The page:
Causation/extent of injuries disputed after defendant backs out of driveway into plaintiff's car. $165K. San Diego County.


Jury reaches fast verdict just before courthouse closes down for pandemic.

The Case

  • Case Name: Brown v. Singhal
  • Court and Case Number: San Diego Superior Court / 37-2018-00057835-CU-PA-CTL
  • Date of Verdict or Judgment: Monday, March 16, 2020
  • Date Action was Filed: Wednesday, November 14, 2018
  • Type of Case: Vehicles - Auto vs. Auto
  • Judge or Arbitrator(s): Hon. Gregory Pollack
  • Plaintiffs:
    Stephen Brown, 62.
  • Defendants:
    Aneesh Singhal
  • Type of Result: Jury Verdict

The Result

  • Gross Verdict or Award: $165,000
  • Net Verdict or Award: $176,000
  • Trial or Arbitration Time: 5 days.
  • Jury Deliberation Time: 2-3 hours.
  • Jury Polls: 10-2

The Attorneys

  • Attorney for the Plaintiff:

    Eugene Bruno & Associates by Eugene G. Bruno and Bassem N. Salem, San Diego.

  • Attorney for the Defendant:

    Hartsuyker, Stratman & Williams-Abrego by Kellie B. Thompson, San Diego.

The Experts

  • Plaintiff’s Medical Expert(s):

    Richard Brown, M.D., orthopedic surgery. (Treating physician.)

  • Defendant's Medical Expert(s):

    David G. Smith, M.D., orthopedic surgery.

Facts and Background

  • Facts and Background:

    This case arose from a two-vehicle collision which occurred on November 23, 2016 in Encinitas. The accident happened as defendant was backing out of a driveway onto the road and collided with plaintiff. The driveway was on a residential street near a worship center. Because it was the night before Thanksgiving, the street was very busy with many people walking around. 

  • Plaintiff's Contentions:

    Plaintiff contended defendant was at fault for the collision, and that the collision caused injuries to plaintiff's head, right shoulder, right wrist, and right hip.

  • Defendant's Contentions:

    Defendant admitted liability for the accident but disputed the nature and extent of plaintiff’s injuries and damages. Defendant’s medical expert testified that because he did not believe plaintiff had complained of pain to his right wrist or right hip within three weeks of the collision, that plaintiff’s right wrist and right hip injuries were likely not caused by this incident.

Injuries and Other Damages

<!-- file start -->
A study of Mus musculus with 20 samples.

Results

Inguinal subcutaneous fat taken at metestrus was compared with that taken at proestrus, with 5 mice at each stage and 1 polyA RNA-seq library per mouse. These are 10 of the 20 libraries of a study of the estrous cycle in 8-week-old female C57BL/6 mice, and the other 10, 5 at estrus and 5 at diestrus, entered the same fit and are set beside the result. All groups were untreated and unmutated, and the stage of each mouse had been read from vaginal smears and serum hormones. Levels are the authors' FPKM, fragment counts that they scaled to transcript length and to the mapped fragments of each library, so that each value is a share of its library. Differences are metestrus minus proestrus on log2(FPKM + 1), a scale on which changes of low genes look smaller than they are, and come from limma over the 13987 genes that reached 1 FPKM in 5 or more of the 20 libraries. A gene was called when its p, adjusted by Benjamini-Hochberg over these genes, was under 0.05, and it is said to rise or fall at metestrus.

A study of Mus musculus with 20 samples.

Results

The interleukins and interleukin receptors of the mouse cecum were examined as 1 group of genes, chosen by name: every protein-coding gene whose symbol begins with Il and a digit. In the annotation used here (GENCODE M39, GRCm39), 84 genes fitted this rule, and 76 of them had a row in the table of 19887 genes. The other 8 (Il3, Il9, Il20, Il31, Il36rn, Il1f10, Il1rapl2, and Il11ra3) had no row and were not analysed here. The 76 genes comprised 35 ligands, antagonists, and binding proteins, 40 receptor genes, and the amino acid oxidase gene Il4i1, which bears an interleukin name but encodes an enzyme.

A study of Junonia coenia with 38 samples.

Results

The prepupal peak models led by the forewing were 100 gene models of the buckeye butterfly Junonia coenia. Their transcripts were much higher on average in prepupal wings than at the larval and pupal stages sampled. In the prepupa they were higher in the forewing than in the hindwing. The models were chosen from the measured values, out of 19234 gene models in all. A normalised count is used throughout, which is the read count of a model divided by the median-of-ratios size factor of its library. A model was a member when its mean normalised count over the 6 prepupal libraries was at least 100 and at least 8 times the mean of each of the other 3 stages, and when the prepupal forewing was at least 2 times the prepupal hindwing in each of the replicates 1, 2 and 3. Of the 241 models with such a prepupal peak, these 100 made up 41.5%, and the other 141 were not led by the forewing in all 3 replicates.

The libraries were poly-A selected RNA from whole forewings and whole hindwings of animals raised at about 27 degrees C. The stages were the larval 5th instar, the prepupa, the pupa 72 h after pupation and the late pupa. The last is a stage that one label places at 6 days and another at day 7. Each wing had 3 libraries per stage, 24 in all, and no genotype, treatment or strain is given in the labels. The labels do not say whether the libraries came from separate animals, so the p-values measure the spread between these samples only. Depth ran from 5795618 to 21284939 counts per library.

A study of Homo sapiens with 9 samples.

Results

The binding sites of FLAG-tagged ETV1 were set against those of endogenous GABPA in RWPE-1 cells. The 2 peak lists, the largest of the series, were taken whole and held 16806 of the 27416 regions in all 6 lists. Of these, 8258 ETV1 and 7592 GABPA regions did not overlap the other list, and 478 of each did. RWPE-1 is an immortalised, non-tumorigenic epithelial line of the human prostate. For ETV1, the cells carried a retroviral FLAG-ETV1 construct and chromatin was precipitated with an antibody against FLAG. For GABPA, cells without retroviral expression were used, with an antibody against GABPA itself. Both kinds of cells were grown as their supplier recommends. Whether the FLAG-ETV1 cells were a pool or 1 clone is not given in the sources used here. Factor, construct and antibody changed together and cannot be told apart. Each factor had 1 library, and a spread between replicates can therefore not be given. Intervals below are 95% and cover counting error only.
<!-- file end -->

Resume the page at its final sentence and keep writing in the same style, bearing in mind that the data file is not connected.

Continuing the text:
• Physical Injuries claimed by Plaintiff:

    Plaintiff sustained injuries to his head, right shoulder, right wrist, and right hip. Plaintiff underwent an SI joint radiofrequency ablation.

Special Damages

  • Special Damages Claimed - Past Medical: $56,764.04 (Per defense counsel: $59,830.45.)
  • Special Damages Claimed - Future Medical: $22,238.20 to $44,476.40 (Per defense counsel: $62,476.40.)
  • Special Damages Claimed - Past Lost Earnings: Waived at trial.
  • Special Damages Claimed - Future Lost Earnings: Waived at trial.

Demands and Offers

  • Plaintiff §998 Demand: $500,000 on 3/19/19
  • Plaintiff Demand during Trial: Plaintiff asked jury for $1,928,087.29 during closing, per defense counsel.
  • Defendant §998 Offer: $75,000 2 weeks before trial after offering nothing previously.

Additional Notes

At the outset, Judge Pollack gave jurors the option to be dismissed from jury duty because of COVID-19. Governor Newsom had ordered the shut down into effect on March 16, 2020, which was the date of closing arguments. This was the final trial held In San Diego Superior Court before it was ordered to close.  In fact, Judge Pollack ordered the jury to deliberate inside the courtroom itself as opposed to the jury deliberation room.  
What was more interesting was the serious cause for concern among the judges. In this case, closing arguments ended mid-day on March 16. Judge Pollack instructed the jury that, should a verdict not be reached by the end of the day, he would have to decide whether he would order a mistrial, or whether he would order the jurors back to court post-pandemic. Of course, no juror would have agreed to come back at some later unknown date, so they did everything in their power to come to a verdict by the end of the day. In the meantime, Judge Pollack had both counsel present in chambers while he was back and forth with Presiding Judge Alksne to determine whether a mistrial was required for this case. With about 5 minutes (literally) left before the court closed, the jury reached a verdict.